Tunnel found underneath Watts bank
Sept. 1, 1935: Police officer T. C. Harkem crawls out of tunnel discovered beneath the Farmers and Merchants Bank of Watts.
A story in the Sept. 2, 1935 Los Angeles Times reported:
An abandoned plot to rob the Farmers and Merchants Bank of Watts was discovered yesterday.
Tunnels had been excavated beneath the floor of the bank, apparently years ago, but no entrance to the banking room from the subterranean diggers had been effected.
Acetylene torches, tanks and hose–moldy with age–were found in the human-gopher holes beneath the bank floor. They had not been used.
Police said indications were that the digging had been abandoned, along with the vault cracking equipment, two or three years ago. About that time human gophers made entry to several banks in a similar manner.
Detective Lieutenants Anderson and Vaughn said discovery of the bank-breaking plot came when worn flooring in the bank was torn up to replace it with new. Workmen saw the outlet of the main tunnel and summoned police.
Investigation showed that the diggers began operations by sawing fastenings from an iron grill covering a ground-level window at the rear of the bank building. Beneath the floor of the bank they tunneled forward about twenty feet, the bore passing the bank vault and opening beneath the bank floor a few feet forward of the vault doors.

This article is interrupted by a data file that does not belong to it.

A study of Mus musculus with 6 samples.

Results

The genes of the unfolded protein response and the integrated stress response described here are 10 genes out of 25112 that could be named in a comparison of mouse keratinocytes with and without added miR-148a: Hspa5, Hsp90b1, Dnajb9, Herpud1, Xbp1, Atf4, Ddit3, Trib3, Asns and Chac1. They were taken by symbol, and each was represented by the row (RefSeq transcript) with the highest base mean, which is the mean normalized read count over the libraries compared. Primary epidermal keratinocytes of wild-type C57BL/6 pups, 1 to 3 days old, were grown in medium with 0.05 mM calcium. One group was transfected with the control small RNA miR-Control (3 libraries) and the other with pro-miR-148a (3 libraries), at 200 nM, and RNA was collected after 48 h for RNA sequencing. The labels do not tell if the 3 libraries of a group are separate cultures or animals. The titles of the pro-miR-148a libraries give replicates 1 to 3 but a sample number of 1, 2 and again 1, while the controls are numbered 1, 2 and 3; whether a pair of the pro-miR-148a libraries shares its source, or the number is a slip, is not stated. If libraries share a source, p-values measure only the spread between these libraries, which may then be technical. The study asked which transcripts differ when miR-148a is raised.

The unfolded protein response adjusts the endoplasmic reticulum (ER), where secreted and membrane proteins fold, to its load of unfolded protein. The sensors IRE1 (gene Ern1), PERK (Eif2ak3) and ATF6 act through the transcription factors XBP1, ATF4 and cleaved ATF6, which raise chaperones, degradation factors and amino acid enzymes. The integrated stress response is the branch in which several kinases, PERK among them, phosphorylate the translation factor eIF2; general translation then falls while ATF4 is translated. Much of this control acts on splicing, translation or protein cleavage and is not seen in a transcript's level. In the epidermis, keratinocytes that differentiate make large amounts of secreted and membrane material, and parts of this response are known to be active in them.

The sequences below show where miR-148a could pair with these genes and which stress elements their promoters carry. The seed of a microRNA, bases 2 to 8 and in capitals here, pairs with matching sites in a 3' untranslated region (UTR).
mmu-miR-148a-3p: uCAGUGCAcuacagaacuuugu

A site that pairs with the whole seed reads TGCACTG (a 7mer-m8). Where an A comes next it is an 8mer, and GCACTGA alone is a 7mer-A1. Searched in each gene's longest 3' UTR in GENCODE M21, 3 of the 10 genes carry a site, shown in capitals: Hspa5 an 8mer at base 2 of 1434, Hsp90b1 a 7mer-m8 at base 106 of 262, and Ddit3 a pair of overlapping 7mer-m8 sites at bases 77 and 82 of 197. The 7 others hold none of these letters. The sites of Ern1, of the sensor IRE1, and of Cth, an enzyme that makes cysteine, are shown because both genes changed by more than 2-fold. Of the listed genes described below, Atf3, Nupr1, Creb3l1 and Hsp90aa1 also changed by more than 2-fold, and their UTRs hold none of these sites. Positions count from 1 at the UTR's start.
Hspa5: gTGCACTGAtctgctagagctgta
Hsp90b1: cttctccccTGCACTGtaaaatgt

In a lateral dugout, officers found the acetylene tank, torch, hose and burglar tools. These were taken to the Seventy-seventh street police office in the hope of tracing ownership.
C. R. Church, founder and president of the bank, said that the bank has never experienced a robbery or burglary in the twenty-five years of its history.
The Farmers and Merchants Bank of Watts has no connection with the Farmers and Merchants Bank of Los Angeles, it was stated.
July 1, 2015, 8:44 am
I love how the photographers used to get these posed photos!